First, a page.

20something profile: Candice
My entire life I had everything figured out. I worked hard in grade school to get into a great college, moved across the country to California to study public relations at a small, liberal arts university, participated in every extracurricular imaginable, and spent endless hours working unpaid internships to boost my résumé. Every life stage had attainable goals and timelines, all of which I trained myself to strive toward and ultimately found extreme comfort in.
Every class, networking opportunity, and volunteer commitment had a dual purpose: to enhance my life’s experiences and to increase my options after college. Confident that I wanted to pursue a career at a public relations agency, I felt that my résumé would certainly stand out among the hundreds of other job applicants I completed against in the Orange County/Los Angeles job market.
After 200 applications, 12 interviews with separate companies, and everything imaginable going wrong, I turned my faith over to the universe. I ended up accepting a PR internship opportunity back home in Cleveland and reluctantly packed up my Southern California life and headed home. For someone who took a lot of pride in proactively preparing for post-college employment, it was an embarrassing admittance of defeat (and unfortunate reality of tough economic times) to crawl back and live in the state I had so gleefully left behind.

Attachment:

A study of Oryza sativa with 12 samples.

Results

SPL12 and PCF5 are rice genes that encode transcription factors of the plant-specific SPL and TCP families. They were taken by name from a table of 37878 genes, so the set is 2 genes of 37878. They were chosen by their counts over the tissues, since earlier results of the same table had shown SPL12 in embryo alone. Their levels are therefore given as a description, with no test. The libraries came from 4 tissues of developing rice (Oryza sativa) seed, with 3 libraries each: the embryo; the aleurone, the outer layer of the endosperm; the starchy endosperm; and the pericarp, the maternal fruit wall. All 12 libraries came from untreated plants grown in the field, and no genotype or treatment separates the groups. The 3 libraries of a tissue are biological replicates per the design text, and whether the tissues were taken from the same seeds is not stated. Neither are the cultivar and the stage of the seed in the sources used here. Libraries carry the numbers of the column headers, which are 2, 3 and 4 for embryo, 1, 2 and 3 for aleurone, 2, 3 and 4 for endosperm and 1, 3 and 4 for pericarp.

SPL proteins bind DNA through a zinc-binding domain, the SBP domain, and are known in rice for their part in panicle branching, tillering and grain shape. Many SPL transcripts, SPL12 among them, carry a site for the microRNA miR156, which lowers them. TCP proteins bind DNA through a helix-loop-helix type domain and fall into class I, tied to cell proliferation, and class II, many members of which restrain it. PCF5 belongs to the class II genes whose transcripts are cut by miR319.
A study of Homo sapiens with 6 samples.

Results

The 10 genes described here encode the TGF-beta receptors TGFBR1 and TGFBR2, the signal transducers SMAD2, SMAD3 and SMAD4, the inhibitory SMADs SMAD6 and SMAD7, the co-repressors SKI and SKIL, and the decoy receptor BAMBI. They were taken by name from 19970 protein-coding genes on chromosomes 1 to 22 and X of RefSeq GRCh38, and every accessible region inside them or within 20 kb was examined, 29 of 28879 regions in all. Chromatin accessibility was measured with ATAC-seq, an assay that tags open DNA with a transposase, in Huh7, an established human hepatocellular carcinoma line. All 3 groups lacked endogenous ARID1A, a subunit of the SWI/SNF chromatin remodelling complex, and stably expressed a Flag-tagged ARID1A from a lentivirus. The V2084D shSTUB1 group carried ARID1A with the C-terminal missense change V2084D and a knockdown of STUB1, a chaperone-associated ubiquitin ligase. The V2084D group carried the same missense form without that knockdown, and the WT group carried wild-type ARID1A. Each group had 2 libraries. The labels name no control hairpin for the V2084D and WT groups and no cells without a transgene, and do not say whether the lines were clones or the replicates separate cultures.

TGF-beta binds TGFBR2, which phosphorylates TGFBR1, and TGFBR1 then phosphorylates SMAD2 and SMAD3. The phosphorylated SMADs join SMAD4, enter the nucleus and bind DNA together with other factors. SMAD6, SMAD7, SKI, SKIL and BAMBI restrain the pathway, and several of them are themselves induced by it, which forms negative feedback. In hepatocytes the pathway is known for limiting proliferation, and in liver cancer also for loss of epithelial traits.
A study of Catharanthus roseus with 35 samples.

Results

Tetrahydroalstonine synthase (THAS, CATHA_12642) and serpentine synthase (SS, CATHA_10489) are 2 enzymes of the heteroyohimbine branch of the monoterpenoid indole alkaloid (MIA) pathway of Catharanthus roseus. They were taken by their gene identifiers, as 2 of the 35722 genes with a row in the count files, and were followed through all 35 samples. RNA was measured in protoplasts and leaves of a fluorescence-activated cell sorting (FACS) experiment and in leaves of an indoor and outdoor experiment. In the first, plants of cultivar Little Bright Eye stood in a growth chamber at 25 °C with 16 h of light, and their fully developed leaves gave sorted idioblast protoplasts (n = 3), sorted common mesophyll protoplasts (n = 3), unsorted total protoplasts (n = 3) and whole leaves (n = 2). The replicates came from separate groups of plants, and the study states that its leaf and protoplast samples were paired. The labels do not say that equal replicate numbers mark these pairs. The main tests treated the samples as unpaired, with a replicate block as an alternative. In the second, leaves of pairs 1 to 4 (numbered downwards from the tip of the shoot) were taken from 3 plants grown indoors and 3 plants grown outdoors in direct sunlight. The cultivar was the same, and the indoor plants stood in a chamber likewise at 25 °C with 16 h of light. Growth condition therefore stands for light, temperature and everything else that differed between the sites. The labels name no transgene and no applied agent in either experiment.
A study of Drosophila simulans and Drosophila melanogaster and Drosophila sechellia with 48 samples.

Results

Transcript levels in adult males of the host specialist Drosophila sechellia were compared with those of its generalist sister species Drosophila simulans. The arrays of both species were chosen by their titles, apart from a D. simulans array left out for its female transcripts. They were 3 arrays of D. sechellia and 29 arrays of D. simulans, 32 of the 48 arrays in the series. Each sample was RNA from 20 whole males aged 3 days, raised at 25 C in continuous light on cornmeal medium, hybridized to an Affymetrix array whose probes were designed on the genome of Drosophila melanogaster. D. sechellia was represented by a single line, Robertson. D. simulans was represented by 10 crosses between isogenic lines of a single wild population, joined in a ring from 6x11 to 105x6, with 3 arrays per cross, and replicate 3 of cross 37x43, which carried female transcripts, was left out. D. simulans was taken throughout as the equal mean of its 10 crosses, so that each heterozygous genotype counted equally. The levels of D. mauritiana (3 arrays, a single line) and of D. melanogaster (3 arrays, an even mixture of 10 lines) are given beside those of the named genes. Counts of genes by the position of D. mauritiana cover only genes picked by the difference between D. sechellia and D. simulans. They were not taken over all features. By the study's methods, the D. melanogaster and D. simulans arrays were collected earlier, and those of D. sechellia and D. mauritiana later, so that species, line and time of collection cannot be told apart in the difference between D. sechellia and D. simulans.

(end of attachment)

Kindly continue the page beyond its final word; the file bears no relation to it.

While living back home, I completed a four-day, 328 mile bike ride and ran my first half marathon. I do not consider myself an athlete, but I think the drive, determination, and sense of accomplishment directly impacted my confidence to pursue new career aspirations.
After two years of a rough quarter-life crisis, I now live in San Francisco in the heart of tech start-ups. My dream is to follow my entrepreneurial drive to create the lifestyle and work environment I desire, and the stars have aligned to do so. I work full-time, side hustle as a PR pro, blog about my adventures as a twenty-something, and am building my website design startup in the meantime.
Two years ago, if someone would have told me I would complete a 300+ mile bike ride, move to San Francisco with the man of my dreams, and start my own company, I would have told them they were crazy. I learned the hard way that to move forward you have to get uncomfortable and let go of the set plans you may have once had in place. Let go of the expectations, the perfectionism, and the nonsensical idea of living the life society dictates.
While envisioning the future by setting goals and dreams is incredibly important, equally so is challenging yourself to make decisions when you feel paralyzed, take risks, and face the possibility of failure. You will achieve more than you ever knew possible.